New fear unlocked: Doctors extract 150 live bugs from man’s nose, sinuses

Doctors in Florida, United States, removed 150 live bugs from a man’s nose and sinuses. Picture: Frederico Dionisio / Pexels

Doctors in Florida, United States, removed 150 live bugs from a man’s nose and sinuses. Picture: Frederico Dionisio / Pexels

Published Feb 23, 2024


A routine trip to the hospital turned into a nightmare for an unidentified cancer survivor in Jacksonville, Florida, after doctors discovered an unexpected infestation of live bugs inside his nose and sinuses.

According to reports from First Coast News, the man had been experiencing discomfort since October but only sought medical attention when his face and lips began to swell on February 9.


Dr. David Carlson, an ears, nose, and throat specialist at HCA Florida Memorial Hospital, described the discovery made during the examination.

Dozens of larvae were found feeding on the delicate tissue inside the man's nose and sinus cavity, causing inflammation and severe discomfort.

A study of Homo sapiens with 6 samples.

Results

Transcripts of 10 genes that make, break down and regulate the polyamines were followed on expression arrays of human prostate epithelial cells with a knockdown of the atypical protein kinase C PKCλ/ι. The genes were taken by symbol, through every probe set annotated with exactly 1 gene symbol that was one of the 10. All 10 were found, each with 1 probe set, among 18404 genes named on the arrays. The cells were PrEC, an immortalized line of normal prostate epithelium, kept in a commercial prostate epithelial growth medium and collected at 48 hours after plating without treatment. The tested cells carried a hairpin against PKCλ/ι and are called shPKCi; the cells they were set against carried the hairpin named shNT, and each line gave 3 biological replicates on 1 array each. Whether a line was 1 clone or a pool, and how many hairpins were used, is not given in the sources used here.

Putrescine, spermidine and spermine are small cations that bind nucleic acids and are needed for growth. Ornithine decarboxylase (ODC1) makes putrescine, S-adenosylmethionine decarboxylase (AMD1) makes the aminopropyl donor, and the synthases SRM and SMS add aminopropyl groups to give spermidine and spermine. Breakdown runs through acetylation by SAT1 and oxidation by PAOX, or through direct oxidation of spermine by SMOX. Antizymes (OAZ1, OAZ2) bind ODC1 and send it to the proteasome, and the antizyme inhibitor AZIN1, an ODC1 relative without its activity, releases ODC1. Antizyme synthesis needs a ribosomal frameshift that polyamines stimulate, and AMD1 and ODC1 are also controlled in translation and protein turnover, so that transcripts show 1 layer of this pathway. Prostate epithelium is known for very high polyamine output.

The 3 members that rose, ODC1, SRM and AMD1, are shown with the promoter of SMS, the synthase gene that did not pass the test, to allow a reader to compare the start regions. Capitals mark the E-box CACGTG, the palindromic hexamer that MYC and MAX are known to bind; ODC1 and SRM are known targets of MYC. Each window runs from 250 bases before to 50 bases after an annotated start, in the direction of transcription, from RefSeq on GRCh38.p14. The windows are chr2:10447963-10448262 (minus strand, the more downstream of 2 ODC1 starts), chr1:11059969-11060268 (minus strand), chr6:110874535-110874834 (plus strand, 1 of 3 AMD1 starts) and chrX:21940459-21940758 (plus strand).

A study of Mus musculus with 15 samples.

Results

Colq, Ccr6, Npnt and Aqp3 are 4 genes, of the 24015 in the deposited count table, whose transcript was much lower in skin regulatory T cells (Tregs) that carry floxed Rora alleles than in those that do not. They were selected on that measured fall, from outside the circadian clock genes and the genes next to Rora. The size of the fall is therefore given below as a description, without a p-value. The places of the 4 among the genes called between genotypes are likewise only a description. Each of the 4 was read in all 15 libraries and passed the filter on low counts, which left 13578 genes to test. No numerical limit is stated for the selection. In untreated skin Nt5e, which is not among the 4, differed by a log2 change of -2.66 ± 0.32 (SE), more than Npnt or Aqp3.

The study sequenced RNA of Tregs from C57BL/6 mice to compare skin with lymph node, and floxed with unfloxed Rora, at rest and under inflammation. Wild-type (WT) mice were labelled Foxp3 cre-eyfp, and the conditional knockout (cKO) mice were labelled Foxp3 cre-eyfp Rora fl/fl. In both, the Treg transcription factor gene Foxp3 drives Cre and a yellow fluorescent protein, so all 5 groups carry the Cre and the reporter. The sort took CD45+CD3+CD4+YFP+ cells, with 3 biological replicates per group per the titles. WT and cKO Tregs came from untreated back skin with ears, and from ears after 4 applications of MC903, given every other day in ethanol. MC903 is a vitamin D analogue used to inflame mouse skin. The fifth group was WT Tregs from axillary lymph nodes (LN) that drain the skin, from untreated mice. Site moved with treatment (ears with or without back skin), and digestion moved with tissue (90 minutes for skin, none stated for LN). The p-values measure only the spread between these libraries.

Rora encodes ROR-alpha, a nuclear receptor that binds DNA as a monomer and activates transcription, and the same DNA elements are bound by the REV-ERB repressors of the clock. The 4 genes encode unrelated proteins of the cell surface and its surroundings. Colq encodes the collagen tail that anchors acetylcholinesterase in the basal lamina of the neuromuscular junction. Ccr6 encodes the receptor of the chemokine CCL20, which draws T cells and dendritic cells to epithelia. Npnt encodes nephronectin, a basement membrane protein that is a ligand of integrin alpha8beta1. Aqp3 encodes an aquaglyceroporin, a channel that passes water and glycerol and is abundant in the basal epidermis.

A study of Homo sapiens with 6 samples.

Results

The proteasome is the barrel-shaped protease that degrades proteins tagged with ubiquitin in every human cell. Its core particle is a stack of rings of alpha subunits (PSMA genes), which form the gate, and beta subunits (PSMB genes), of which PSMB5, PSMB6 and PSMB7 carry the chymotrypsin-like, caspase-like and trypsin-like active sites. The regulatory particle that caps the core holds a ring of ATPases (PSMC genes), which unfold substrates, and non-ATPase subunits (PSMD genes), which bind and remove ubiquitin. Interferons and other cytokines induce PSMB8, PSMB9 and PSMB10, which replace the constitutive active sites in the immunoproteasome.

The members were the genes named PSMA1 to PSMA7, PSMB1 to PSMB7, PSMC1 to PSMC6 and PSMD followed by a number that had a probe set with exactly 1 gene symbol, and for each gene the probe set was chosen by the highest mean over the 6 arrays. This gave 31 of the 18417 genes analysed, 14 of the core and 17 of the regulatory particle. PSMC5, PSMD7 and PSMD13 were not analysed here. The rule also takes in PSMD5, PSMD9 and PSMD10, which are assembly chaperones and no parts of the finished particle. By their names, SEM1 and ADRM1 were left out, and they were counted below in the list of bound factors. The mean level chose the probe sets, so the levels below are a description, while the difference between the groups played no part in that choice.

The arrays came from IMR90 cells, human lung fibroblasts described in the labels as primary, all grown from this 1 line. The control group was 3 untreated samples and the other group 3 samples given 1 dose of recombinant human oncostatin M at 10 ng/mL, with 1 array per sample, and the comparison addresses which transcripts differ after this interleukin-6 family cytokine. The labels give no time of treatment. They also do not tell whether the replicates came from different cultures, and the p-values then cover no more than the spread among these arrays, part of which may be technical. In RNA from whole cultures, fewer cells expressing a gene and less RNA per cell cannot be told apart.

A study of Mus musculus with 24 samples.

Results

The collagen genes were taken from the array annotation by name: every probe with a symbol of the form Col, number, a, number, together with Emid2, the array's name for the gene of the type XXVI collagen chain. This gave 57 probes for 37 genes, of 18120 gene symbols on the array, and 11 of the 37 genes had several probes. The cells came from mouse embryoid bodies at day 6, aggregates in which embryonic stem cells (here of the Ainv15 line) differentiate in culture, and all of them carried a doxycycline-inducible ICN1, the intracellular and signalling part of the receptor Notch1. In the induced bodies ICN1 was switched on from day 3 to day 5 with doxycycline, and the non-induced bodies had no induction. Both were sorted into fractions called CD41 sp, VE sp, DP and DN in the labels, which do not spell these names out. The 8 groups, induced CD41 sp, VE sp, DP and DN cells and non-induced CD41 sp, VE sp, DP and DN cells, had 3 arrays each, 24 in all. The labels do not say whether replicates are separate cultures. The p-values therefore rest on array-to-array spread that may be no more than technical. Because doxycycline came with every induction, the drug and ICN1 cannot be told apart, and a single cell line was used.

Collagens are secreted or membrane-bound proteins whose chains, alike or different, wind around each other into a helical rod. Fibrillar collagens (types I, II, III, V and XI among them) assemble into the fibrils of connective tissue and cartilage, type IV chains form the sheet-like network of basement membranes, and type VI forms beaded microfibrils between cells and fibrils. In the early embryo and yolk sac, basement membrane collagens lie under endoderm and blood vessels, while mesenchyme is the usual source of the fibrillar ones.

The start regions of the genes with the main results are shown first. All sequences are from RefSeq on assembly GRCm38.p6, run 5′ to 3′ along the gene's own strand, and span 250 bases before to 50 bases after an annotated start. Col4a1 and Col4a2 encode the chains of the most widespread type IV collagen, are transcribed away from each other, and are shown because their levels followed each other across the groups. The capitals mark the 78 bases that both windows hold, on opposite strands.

"The intent is not to create hysteria with viewers, but anyone who has an immune system that’s compromised or less than optimal could be at risk for abnormal infections," Carlson explained.

The bizarre case, classified as nasal myiasis, is exceptionally rare in the United States.

Nasal myiasis refers to the infestation of fly larvae in the nasal passages and sinuses, often associated with poor hygiene or compromised immune systems.

In this instance, the man's history of cancer played a significant role. Having undergone surgery to remove a cancerous tumour from his nose three decades ago, he was left with open spaces in his nasal cavity and a weakened immune system, making him more susceptible to such infestations.

The larvae, identified as live maggots in their larval stage, were swiftly removed by Dr. Carlson and his team using specialised instruments. However, the extraction process was challenging, as the bugs had burrowed deep into the tissues and were reluctant to leave their newfound habitat.

Despite the disturbing nature of the case, there is optimism for the man's recovery.

He has been prescribed a special antiparasitic rinse for his nose and is expected to make a full recovery.

As for the cause of the infestation, the man speculated that it may have occurred after handling dead fish.

Acknowledging the need for better hygiene practices, he expressed his intention to adopt stricter measures to prevent future incidents.